The Recently Revealed SMBv3 Vulnerability: Facts and highlights
The tech community was taken by a surprise this week when a vulnerability in the extremely secure SMB3.1.1 was accidentally revealed in a Microsoft patch update. The remote code execution vulnerability (CVE-2020-0796) currently does not have an official patch, but workarounds are available.
The SMBv3 vulnerability assumes importance in the light of the recent malware attacks such as WannaCry
NotPetya, which utilized flaws in the older and flawed SMB1 protocol.
The SMBv3 protocol suite is the latest and most secure server message block protocol used for accessing and sharing files, printers and resources over networks. As of today, no malicious code or a hacking attempt has been reported that exploits the newly discovered flaw.
This Tuesday (the ‘Patch Tuesday’ for Windows), Microsoft rolled out its usual fixes and patches for newly found vulnerabilities in the Windows systems. However, there was one patch that was missing. In the meanwhile, Cisco Talos and Fortinet published a vulnerability named ‘CVE-2020-0796’ that was without a patch. This information was quickly removed, but did not go unnoticed. Later in the day, Microsoft published its advisory.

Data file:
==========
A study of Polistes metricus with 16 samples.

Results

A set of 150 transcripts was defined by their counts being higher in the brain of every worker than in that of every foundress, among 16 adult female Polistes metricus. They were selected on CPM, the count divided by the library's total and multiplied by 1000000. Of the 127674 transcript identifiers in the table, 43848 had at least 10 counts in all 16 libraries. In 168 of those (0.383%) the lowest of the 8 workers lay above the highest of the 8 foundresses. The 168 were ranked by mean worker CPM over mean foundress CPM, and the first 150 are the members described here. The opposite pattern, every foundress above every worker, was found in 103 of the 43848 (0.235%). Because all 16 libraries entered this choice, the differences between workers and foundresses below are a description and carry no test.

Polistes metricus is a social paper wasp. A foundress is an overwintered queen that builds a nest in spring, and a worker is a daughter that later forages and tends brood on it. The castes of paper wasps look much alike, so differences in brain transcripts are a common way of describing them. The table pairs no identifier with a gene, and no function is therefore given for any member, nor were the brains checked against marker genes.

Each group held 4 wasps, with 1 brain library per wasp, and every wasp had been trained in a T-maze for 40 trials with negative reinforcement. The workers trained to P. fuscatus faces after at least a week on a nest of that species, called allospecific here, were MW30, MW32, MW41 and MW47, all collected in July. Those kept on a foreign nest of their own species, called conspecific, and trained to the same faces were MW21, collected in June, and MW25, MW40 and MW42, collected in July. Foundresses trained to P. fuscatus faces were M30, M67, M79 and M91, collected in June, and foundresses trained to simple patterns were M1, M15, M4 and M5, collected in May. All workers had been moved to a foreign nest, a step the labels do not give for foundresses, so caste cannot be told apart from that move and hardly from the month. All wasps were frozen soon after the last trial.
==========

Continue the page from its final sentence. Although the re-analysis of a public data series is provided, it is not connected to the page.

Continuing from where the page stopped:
Who is affected
ARM64, Windows 32 and 64-bit editions, Windows 10 (1903 and 1909), and Windows Server (versions 1903 and 1909).
What’s the issue
The flaw reportedly allows hackers to launch a ‘worm’ attack on clients and servers by using a malicious, compressed data packet. The SMB vulnerability can let an unauthorized attacker to run any code as part of an application.
According to the Microsoft advisory, “To exploit the vulnerability against an SMB Server, an unauthenticated attacker could send a specially crafted packet to a targeted SMBv3 Server. To exploit the vulnerability against an SMB Client, an unauthenticated attacker would need to configure a malicious SMBv3 Server and convince a user to connect to it.”
This attack is also ‘wormable’, that is, the attacker can exploit one system, which, in turn, goes on to infect another.
What should be done?
While Microsoft is yet to issue a patch, there are a couple of workaround solutions to protect Windows systems.
1. One is to disable compression using a PowerShell command:
2. Block the TCP Port 445 so as to stop the malicious code on the periphery firewall.
The SMBv1 protocol has now been discontinued and replaced in new Windows systems by the advanced dialects of SMBv3.
Meanwhile, everyone is awaiting patches from Microsoft. According to all forecasts, the company will release them quite soon.